Gabriella Burman Special to the Jewish News
New At Hillel Day School Staff will implement new initiatives to increase student success.
Following a celebratory 60th school year, Hillel Day School is kicking off its 61st school year with plans to expand its Early Childhood Center, which is filled to capacity.
“We’ve had wait lists for the last three years, and we know from demographic studies that there are more Jewish preschool students who could enroll in a program like ours,” Head of School Steve Freedman said.
The expansion will grow ECC enrollment from 140 to 180, with room for more “if demographics permit,” Freedman said.
The expansion will commence in the fall by FNI, the architectural firm responsible for the renovations of Hillel’s existing building. The renovation will be complete in time for the 2019 school year.
Inside the building, a team-teaching approach meets the needs of each child, preparing students for high school with skills that will help them compete in an increasingly disruptive economy, using the space and technology that are the result of the school’s recent renovations.
The school is also making social-emotional growth a priority alongside academics, since one’s well-being “has a direct effect on learning,” said Dean of Student Learning Dr. Jennifer Friedman. To that end, the school has hired a second full-time social worker and is partnering with Jewish Federation of Metropolitan Detroit on its “We Need to Talk” mental health initiative to help struggling teens.
A reinvigorated focus on making Judaic Studies “transformative” for students, in addition to providing them with knowledge and skills, is also in motion. The school is ushering in two new programs that will help students engage in Jewish learning so that it becomes personally relevant and meaningful to them.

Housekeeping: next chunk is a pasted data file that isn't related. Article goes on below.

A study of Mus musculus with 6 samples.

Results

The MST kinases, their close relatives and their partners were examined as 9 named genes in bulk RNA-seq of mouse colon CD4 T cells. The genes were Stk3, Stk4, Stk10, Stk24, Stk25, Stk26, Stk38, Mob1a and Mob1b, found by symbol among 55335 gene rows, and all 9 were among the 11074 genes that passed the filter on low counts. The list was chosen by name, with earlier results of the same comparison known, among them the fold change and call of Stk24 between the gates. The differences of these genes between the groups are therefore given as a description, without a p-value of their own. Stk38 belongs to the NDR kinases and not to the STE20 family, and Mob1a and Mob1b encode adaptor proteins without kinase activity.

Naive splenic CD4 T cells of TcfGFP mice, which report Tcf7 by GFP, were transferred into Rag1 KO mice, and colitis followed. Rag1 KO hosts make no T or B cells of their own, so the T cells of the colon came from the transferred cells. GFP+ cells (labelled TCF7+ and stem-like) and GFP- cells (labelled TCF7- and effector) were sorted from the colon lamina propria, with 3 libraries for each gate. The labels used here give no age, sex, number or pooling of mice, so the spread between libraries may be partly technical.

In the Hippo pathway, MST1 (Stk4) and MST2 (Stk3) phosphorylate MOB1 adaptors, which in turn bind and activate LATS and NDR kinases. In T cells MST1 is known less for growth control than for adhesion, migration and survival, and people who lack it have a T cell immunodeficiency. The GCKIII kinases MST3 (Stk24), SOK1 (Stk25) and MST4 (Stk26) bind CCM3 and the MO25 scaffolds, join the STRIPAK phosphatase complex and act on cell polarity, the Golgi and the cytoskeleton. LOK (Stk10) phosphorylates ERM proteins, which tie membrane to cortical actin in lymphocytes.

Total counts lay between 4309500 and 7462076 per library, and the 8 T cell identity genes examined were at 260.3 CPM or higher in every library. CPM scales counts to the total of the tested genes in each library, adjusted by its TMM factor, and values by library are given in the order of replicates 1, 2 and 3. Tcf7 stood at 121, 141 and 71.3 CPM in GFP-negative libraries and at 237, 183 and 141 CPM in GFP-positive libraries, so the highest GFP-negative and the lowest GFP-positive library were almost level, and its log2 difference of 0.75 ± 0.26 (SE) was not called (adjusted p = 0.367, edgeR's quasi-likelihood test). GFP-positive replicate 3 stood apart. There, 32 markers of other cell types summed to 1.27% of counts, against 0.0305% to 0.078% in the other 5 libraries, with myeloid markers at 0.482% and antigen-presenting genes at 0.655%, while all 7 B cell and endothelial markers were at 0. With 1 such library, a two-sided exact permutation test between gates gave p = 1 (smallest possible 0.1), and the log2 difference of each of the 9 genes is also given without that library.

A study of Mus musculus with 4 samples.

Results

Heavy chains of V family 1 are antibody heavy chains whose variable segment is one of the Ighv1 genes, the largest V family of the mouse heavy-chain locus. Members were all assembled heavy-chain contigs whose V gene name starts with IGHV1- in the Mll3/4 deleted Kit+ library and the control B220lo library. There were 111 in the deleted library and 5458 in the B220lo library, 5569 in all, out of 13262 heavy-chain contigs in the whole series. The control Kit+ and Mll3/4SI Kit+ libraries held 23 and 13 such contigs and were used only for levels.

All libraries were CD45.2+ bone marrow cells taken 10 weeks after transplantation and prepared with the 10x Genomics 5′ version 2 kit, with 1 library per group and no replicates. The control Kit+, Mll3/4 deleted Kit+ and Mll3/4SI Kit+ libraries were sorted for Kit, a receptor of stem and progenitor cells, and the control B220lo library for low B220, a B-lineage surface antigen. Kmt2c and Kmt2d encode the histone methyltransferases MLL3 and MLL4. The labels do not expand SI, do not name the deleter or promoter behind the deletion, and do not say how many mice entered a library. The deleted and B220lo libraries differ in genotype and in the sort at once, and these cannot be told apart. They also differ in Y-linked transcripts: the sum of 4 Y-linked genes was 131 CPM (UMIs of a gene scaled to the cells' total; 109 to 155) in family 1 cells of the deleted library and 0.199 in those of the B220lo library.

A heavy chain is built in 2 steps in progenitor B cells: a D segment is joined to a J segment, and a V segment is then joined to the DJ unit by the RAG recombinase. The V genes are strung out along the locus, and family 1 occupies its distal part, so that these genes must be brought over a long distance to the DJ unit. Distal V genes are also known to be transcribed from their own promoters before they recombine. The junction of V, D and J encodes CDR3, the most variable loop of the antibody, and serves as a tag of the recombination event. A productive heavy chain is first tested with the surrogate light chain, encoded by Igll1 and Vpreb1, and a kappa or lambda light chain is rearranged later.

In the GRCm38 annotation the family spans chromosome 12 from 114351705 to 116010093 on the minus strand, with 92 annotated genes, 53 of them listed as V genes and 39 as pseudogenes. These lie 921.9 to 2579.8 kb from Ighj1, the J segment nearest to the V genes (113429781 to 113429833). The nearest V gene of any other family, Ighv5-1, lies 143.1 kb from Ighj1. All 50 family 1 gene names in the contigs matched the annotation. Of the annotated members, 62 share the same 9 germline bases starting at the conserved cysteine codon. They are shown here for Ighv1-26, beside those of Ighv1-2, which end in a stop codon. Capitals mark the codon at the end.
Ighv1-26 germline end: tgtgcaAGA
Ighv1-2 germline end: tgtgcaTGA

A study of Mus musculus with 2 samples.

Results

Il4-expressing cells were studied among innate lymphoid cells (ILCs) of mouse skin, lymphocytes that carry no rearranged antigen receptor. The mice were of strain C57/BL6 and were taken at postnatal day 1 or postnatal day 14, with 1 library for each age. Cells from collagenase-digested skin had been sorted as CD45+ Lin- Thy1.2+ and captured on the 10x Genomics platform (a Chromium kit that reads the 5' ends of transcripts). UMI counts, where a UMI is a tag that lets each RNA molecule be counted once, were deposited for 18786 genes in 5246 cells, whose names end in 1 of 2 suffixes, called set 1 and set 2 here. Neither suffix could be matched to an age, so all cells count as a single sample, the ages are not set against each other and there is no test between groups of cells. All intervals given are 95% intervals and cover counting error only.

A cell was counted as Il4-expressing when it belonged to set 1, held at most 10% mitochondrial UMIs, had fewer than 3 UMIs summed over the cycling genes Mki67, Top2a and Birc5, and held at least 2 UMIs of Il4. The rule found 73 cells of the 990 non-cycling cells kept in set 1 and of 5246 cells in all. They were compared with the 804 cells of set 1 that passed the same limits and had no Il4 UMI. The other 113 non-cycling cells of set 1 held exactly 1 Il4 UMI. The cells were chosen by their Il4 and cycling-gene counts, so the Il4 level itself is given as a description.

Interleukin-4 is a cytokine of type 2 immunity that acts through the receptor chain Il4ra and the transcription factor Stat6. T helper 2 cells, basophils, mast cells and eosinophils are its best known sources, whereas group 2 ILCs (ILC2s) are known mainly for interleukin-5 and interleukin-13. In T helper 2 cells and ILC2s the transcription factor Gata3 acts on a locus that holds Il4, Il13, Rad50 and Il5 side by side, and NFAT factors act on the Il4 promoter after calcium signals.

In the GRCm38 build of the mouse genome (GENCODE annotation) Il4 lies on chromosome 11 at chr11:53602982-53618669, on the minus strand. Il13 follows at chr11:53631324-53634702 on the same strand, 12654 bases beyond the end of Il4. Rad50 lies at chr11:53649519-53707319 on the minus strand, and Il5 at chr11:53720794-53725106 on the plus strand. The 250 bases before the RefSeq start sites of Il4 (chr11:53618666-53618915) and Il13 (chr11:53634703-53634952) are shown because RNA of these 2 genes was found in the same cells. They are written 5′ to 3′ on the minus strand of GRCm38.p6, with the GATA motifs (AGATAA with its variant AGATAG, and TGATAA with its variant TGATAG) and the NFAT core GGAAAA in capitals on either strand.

A “Yisrael b’Hillel” course for eighth-graders, designed in partnership with the Atlanta-based Center for Israel Education, will take students through the history of Israel from the Bible to modern times, and includes the origins of statehood, ethnic diversity and the nuances of the Israeli-Palestinian conflict.
“The ultimate goal is for students to think about their personal connection to Israel in the context of a deeper understanding of what Israel is all about, as they prepare for their class trip,” Dean of Judaic Studies Saul A. Rube said.
Eventually, the partnership between Hillel and the center will “enable us to weave Israel education organically throughout every aspect of a Hillel Day School student’s experience,” Rube added.
A strategic partnership with a second program, Ayeka, whose mission is to “evoke the heart and soul of the student,” helps to “internalize the latent potential of our classical tradition to make a positive difference in the lives of our students,” Rube said.
The approach will be integrated into minyan for fifth- through eighth-graders so that their experiences “will be more soulful,” he said.
Rabbi Nate DeGroot, who joins the Hillel staff from IKAR, a Jewish renewal congregation in Los Angeles, will engage meaningfully with fifth- through eighth-graders through Judaic programming and prayer as well.
The investment in the physical expansion and the school’s programs demonstrates the school’s commitment to ensuring a vibrant Jewish Detroit.
“For 60 years, a high-quality education in both general and Judaic studies has been the core of our mission,” Freedman said. “And we plan to continue that tradition for at least another 60 more.”
Gabriella Burman is the communications coordinator at Hillel.